Windows Computing

Okay, it’s no secret I’ve been a “PC,” a Windows user, for my whole life. I voluntarily prolonged the condition upon purchasing 3 computers for myself in the past 5 years – and building myself a fourth.  Since October 2008, I’ve been evaluating a pre-beta release of Windows 7, the upcoming major OS release from Microsoft.  Now, for about the past week, I’ve been running the official beta release of Windows 7 (build 7000) on two of my three active machines (the other is just a media center, so I feel the upgrade there is less exciting).

It rocks.  It just does.  Sure, Apple fanboys may draw comparisons to the Mac OS in a few places (the new taskbar, the Aero Peek feature, and the jump lists, to name three), but the origin of some of the design features are neither here nor there.  They are (nearly all) beautifully integrated, and almost all of the new UI features actually improve the user’s experience on a functional level – in other words, it’s mostly more than just mere eye-candy.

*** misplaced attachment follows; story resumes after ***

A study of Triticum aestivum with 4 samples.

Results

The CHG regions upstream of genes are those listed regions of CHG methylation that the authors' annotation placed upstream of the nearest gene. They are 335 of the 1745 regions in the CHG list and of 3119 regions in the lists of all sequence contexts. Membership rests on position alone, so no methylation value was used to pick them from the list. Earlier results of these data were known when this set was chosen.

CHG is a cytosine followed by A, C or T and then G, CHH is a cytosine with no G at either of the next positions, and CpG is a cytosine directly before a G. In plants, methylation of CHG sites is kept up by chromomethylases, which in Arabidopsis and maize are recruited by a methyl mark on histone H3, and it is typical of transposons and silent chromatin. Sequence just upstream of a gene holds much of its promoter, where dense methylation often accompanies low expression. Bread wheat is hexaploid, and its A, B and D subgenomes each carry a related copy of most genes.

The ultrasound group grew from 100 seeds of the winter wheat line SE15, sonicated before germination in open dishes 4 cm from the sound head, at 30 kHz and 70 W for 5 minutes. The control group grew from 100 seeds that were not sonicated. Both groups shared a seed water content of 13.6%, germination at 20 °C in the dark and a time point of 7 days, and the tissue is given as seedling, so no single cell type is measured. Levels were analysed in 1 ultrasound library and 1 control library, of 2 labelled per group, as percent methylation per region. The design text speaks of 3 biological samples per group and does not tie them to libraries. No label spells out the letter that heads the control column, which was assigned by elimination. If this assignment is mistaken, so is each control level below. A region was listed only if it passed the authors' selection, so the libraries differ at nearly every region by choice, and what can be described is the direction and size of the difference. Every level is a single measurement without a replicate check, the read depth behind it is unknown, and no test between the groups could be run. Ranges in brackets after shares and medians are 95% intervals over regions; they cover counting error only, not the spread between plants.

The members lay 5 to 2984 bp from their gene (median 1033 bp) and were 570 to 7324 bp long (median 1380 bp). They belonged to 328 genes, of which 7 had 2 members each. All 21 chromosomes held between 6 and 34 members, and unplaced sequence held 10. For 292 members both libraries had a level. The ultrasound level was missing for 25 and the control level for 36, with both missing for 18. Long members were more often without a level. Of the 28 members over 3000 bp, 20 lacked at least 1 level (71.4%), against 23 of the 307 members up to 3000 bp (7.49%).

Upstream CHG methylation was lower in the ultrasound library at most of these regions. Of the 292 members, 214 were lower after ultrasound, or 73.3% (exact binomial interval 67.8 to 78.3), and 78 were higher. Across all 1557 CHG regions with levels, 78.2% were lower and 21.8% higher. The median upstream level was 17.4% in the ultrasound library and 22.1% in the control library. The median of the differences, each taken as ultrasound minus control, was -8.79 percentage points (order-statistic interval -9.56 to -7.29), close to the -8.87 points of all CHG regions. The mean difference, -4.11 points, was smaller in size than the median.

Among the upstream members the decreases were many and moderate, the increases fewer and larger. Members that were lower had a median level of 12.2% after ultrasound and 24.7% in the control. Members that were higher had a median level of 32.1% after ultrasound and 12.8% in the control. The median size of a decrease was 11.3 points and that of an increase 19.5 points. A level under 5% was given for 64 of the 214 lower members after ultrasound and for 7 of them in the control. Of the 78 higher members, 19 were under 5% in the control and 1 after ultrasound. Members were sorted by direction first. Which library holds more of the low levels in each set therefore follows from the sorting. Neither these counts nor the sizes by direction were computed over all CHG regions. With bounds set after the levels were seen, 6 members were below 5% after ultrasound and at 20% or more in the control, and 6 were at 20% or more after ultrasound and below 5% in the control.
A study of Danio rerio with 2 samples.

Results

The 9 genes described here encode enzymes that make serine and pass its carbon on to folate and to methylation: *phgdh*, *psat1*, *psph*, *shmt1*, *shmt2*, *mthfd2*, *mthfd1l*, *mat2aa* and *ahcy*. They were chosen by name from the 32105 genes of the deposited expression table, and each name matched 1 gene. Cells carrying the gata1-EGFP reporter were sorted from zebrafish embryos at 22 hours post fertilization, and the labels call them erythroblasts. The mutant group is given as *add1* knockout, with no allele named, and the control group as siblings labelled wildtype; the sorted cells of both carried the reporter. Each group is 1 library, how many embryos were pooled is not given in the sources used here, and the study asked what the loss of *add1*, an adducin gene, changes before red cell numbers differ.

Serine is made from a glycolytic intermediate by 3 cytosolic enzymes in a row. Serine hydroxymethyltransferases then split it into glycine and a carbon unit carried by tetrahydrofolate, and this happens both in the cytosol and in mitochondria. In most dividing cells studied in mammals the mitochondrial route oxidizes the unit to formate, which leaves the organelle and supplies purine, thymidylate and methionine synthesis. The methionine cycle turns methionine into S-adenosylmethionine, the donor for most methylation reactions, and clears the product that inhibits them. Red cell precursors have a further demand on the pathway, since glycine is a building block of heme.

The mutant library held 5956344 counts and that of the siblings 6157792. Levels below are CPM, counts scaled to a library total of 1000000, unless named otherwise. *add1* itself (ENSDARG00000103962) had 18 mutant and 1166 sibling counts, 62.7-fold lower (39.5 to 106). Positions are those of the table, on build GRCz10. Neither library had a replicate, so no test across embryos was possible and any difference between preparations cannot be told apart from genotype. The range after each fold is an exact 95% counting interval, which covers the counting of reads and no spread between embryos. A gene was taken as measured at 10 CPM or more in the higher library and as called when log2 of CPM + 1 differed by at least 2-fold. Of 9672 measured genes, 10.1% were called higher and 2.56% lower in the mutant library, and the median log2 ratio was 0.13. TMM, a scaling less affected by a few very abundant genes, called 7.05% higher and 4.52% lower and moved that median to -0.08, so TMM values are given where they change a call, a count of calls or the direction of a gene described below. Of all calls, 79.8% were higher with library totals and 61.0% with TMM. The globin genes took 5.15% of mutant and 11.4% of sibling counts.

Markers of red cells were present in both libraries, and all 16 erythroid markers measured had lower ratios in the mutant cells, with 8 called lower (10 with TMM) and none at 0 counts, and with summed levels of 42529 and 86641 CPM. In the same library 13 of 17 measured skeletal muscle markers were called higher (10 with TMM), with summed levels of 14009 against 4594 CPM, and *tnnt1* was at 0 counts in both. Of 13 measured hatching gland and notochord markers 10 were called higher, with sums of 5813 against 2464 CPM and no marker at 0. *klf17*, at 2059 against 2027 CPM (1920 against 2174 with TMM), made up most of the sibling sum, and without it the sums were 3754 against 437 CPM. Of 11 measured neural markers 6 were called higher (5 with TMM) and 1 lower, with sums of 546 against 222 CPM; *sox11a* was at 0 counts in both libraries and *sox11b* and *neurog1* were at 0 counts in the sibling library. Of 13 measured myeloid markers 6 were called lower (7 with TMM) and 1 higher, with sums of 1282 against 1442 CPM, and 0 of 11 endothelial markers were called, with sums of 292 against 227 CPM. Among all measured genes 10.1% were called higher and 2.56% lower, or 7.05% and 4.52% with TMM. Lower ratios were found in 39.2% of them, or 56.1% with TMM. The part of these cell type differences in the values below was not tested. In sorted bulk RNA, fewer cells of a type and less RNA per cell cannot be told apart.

And yet, it’s the stuff you can’t see that really makes Windows 7 the significant improvement that it is.  The kernel has been cleaned up, from the lowest levels, and it runs much more smoothly.  It is quicker upon boot-up, and most tasks seem to run faster and more effortlessly.  Hardware recognition is even better than in Windows Vista.

While it may not be 100% perfect quite yet, Windows 7 has found itself sitting among a surprising amount of praise, including specific improvements such as its ability to run on lower-level machine better than Vista and the inclusion of an awesome, troubleshooting “Problem Steps Recorder.”  When the production version of Windows 7 comes out, as with Vista when it was new, I don’t necessarily recommend everyone plop down the $200-300 to buy themselves a brand-new copy.  But for anyone upgrading a PC or buying a new one, Windows 7 is sure to improve their computing experience a lot.